Press freedom has been threatened before, in Canada

Posted by on Jul 3, 2017 in Brian's Blog, Journalism, Justice, Media, Press freedom | 0 comments

“Independent press is under siege,” said the headline today on a New York Times story referring –   among other things – to President Trump’s bizarre weekend Twitter posting of a doctored video showing him tackling and pummelling a man with a CNN logo superimposed on his head.

The message was clear. The leader of the free world would like to beat into submission an American media organization that has been critical of his actions.

This has been tried before, in Canada. It didn’t work then and it won’t work now in the United States. Each of these countries has a constitution that prevents governments from interfering with the lawful right of the media to distribute facts and opinions.

In Canada, it was the Social Credit government of Alberta Premier William Aberhart that tried to put an end to the negative publicity that had appeared in the province’s newspapers after Social Credit became a political party in 1935. The Calgary Herald had warned its readers that the untried Depression-era economic proposals propounded by the Socreds – including a plan to print the province’s own money and pay $25 a month to every adult citizen – would result in a “setback which would take years to recover from.”

For two years after being elected, Aberhart publicly and repeatedly condemned the Alberta newspapers, which he accused of attacking him and his policies. (Sound familiar?) In 1937, his government introduced an Accurate News and Information Act aimed at licensing and effectively muzzling the press. The idea was to force the province’s newspapers to become “fairer” in their coverage of Social Credit by requiring them to print government-supplied “statements” equal in length to those attacking the government. Additionally, the papers were to divulge the sources of their information or opinions. Failure to comply and to print the government propaganda would result in fines of up to $1,000 a day.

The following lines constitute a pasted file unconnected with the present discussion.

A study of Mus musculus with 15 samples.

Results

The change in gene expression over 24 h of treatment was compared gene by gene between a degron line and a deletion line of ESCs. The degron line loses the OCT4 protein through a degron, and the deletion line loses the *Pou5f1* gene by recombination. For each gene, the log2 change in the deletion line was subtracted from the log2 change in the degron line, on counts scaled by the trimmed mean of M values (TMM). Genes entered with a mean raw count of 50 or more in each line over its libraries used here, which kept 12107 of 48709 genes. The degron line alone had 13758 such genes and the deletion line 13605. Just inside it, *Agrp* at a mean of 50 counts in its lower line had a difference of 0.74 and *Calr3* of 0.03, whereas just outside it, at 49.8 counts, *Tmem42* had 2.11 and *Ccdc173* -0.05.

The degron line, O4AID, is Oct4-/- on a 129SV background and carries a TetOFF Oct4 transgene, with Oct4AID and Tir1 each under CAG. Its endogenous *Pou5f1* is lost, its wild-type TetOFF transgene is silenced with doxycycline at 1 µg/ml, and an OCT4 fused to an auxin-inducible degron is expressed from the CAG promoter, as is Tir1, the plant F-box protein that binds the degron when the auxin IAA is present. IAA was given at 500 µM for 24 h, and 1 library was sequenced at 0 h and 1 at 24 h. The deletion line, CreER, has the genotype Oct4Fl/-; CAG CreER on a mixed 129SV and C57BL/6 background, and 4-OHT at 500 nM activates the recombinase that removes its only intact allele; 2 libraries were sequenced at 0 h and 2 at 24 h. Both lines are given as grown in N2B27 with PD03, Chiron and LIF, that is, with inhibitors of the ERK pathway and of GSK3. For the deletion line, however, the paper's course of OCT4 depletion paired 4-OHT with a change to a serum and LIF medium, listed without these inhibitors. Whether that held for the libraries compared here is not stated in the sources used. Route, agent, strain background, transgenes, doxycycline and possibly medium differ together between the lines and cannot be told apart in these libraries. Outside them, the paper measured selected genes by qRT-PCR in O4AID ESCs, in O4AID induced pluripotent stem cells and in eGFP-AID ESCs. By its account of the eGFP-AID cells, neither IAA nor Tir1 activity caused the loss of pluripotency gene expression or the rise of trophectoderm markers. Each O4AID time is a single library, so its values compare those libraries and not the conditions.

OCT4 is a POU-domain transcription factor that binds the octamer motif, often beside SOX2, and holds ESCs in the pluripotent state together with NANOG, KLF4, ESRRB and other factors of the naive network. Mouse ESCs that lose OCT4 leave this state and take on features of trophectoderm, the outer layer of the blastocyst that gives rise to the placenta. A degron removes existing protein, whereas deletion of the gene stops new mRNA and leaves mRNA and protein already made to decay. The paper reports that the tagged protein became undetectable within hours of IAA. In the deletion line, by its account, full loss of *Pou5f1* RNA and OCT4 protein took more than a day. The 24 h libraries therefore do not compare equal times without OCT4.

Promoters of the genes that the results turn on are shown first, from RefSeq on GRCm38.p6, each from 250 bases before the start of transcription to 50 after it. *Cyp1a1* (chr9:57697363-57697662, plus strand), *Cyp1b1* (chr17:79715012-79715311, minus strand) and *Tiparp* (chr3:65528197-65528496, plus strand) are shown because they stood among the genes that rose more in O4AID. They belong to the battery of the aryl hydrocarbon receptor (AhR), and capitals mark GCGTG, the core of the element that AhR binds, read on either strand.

A group of Alberta publishers, led by the Edmonton Journal’s John Imrie, denounced what they called a “gag law” and fought it all the way to the Supreme Court of Canada. In a front-page editorial, the Journal characterized the licensing bill as a “dictatorial challenge to every freedom-loving Canadian whose home is in Alberta.”

In 1938, the Supreme Court struck down the bill as unconstitutional. One judge went so far as to describe it as an enactment of criminal law, beyond the power of the provincial legislature because crime is exclusively under federal jurisdiction. Chief Justice Lyman Duff wrote that the right of free discussion of public affairs was the “breath of life for parliamentary institutions.” Aberhart appealed the decision to the British Privy Council, then Canada’s court of last resort. The English judges unanimously dismissed the appeal.

For its leadership in attacking the bill, the Journal became the first – and to date only – non-American recipient of a special Pulitzer Prize for public service. The prize, said The New York Times,  amounted to “recognition and reward for a long uphill battle to preserve the freedom of the press against government control, censorship and intimidation.”  Five other Alberta dailies and 90 weeklies received certificates of merit for their involvement. The Times noted that before the intervention of the Supreme Court, Alberta was “the only territory in the English-speaking world suffering from government restriction of the press.”